One of the tenets of a Good-Bad Dad (GBD) is the tendency to shun our non-kid relationships. Never is this more evident in my life than the week of Valentine’s Day.
Today is February 11th and my annual fret begins right now. Valentine’s is a Good-Bad Dad’s arch rival – a holiday that is not kid-centric. This is a chance for good gift givers to separate themselves from a thoughtful, but completely kid-centric, dad like me.
Each year I plan to try harder to find a creative, sensitive way to show Aimee how much I love her. After all, she is truly the glue that keeps our madhouse running smoothly. I should relish the opportunity that Valentine’s Day provides to show her how much she’s appreciated. In typical GBD form, please allow me to share how I will likely go about “air-balling” Valentine’s Day (again).
My Valentine’s attention gets quickly diverted from my wife to my children. There is much to do for them – not only do I need the cards for their Valentine’s parties, I need candy, pencils and gifts for teachers. When these supplies are bought, the larger battle still looms – the assembly operation which inevitably takes over the living room the night before the school celebration. The impending mess I expect is already driving me crazy. As you can guess, my blood pressure is rising.
Once the kids are set, this Good-Bad Dad hasn’t left myself much time (or energy) to think about what to do for my own Valentine – my wife! The time I do have is spent searching my memory for subtle hints she’s given me. This is the point at which I realize that I’m relegated to the standard Hallmark card and heart-shaped chocolates (Note: I will remember to buy DARK chocolates this year.) When I slide my debit card to buy these cupid-day-staples, I’ve acknowledged that real creativity and thoughtfulness will wait until next year. My GBD status quo prevails once again.
As with most Good-Bad Dad conflicts, my lack of gift-giving prowess is founded in well-intentioned, attentive parenting. I’m great at rationalizing my lack of creativity – I was too busy at work, getting the kids to soccer/football/dancing (insert other activities here), etc. The rationalization does not outweigh the mild disappointment that my wife must have when she gets the same old standard gift. It is possible that my consecutive Valentine’s Day “dud” streak has taken away the sting of her disappointment. Either way, I feel badly that I don’t try harder to maximize the opportunity I have this time each year.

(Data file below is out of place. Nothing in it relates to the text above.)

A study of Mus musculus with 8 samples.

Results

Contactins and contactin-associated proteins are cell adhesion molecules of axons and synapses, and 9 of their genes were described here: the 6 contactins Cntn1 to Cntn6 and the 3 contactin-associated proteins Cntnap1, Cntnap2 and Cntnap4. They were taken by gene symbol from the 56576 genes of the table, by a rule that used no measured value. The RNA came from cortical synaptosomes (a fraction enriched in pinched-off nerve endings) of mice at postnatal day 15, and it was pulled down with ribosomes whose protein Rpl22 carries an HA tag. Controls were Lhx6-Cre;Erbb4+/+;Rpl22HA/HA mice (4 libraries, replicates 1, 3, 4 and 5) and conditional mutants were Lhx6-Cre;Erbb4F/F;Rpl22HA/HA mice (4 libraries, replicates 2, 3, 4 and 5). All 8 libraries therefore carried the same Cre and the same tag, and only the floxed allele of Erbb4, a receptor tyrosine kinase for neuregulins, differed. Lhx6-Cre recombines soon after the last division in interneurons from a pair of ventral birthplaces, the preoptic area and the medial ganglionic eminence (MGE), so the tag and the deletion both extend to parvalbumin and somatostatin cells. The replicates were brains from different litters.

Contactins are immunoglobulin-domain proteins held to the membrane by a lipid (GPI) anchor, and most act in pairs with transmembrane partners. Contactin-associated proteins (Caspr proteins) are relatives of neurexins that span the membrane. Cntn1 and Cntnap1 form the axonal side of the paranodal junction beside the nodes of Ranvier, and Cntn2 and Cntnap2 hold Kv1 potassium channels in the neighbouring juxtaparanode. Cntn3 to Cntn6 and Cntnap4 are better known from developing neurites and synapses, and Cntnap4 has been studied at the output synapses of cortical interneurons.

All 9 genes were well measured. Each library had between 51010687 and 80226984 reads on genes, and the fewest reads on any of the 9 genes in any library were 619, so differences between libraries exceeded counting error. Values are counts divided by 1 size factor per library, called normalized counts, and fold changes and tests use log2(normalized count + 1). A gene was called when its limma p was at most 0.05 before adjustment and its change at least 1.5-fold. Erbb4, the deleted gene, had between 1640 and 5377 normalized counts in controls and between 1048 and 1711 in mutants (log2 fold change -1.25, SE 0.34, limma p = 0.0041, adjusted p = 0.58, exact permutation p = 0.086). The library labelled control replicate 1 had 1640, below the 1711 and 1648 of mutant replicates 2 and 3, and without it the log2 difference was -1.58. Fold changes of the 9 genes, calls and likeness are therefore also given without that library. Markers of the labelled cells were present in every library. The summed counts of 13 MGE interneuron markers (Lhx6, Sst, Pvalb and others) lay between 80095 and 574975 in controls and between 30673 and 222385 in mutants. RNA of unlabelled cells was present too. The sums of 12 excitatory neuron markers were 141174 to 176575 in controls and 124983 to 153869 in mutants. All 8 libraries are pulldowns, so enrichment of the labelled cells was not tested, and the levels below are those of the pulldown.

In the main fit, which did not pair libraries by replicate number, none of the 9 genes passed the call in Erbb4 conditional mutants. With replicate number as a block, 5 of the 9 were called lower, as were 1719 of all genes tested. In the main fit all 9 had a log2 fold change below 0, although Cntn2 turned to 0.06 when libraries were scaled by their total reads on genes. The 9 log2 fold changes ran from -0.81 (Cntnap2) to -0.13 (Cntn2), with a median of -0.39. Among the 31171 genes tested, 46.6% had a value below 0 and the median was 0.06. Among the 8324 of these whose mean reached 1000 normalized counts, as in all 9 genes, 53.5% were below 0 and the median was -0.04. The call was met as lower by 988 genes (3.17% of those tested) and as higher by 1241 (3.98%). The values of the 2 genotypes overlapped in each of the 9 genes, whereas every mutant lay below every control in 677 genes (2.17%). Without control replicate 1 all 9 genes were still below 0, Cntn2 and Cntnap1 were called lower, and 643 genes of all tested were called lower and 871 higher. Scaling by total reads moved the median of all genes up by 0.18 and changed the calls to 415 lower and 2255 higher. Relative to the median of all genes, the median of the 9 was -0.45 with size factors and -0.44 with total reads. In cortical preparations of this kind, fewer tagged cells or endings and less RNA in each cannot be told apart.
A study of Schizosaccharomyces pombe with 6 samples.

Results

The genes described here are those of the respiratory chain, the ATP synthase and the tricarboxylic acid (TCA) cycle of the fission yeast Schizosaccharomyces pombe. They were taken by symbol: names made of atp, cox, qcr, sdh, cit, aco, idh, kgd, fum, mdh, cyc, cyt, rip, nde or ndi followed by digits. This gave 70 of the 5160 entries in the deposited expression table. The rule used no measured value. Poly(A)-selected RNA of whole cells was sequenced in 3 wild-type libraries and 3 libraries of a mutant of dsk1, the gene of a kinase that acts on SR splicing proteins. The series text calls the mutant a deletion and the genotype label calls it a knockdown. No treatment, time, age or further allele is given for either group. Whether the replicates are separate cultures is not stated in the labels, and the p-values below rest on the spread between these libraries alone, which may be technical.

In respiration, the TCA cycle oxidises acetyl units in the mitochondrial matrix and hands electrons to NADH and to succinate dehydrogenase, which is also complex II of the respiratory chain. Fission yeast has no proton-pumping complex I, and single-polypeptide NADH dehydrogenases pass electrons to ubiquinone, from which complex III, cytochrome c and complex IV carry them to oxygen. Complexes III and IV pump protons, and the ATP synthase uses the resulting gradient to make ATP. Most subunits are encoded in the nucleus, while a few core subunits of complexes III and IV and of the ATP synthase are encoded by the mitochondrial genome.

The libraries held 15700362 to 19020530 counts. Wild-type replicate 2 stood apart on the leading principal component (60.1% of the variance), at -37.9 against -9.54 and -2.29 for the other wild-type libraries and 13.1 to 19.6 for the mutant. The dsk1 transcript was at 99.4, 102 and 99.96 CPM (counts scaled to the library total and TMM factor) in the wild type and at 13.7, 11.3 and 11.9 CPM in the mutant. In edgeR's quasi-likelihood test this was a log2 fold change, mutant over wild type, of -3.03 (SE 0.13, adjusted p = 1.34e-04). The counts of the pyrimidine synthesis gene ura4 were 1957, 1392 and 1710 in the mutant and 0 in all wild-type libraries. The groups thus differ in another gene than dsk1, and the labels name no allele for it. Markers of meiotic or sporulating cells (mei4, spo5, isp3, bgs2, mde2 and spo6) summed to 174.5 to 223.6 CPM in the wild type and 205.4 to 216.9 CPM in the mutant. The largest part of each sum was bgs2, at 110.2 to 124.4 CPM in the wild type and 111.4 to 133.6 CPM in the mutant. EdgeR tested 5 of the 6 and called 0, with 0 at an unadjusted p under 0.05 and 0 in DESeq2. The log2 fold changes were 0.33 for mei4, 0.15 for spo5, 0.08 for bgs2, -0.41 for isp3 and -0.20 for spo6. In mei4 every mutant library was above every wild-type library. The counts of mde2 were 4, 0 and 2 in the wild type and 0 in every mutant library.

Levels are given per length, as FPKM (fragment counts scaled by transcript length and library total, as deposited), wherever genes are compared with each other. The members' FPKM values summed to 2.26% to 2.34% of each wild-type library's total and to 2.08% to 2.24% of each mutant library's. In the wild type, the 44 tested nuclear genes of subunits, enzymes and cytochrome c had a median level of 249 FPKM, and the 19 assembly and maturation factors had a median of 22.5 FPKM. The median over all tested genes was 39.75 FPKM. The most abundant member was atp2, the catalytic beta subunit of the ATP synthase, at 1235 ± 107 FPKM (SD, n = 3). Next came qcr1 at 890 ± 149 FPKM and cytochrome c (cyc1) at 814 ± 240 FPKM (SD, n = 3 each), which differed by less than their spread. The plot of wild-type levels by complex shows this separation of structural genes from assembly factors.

Through this annual screw-up, two lessons are clear. First, to be a good gift giver requires effort and attention – two items that Good-Bad Dads find in short supply. For me, the effort required is simply listening when Aimee and I are together. I should key in better to subtle hints like talking about pampering herself or taking a few hours away from the hustled life we’ve created. I have developed an amazing knack of ignoring even the most direct clues when she points out an item to me on date nights.
The second issue is that I haven’t been open for advice from other dads that do it better than I do. I’ll be the first to say that when I hear about a thoughtful gift being given, I downplay the act – “Must be nice to have the time (and money) to get that!” The reality is that I could learn something from those around me. This would require me to ask them, which would call my Super Dad powers into question.
In three days, Valentine’s Day will come and go. My Good-Bad Dad qualities will remain my “kryptonite.” Just as any Good-Bad Dad, I plan to eventually tackle this head-on. Until then, I plan to pridefully brag about nailing the gifts for my kids’ teachers while my wife files the heart-shaped chocolates with our lingering Christmas candy.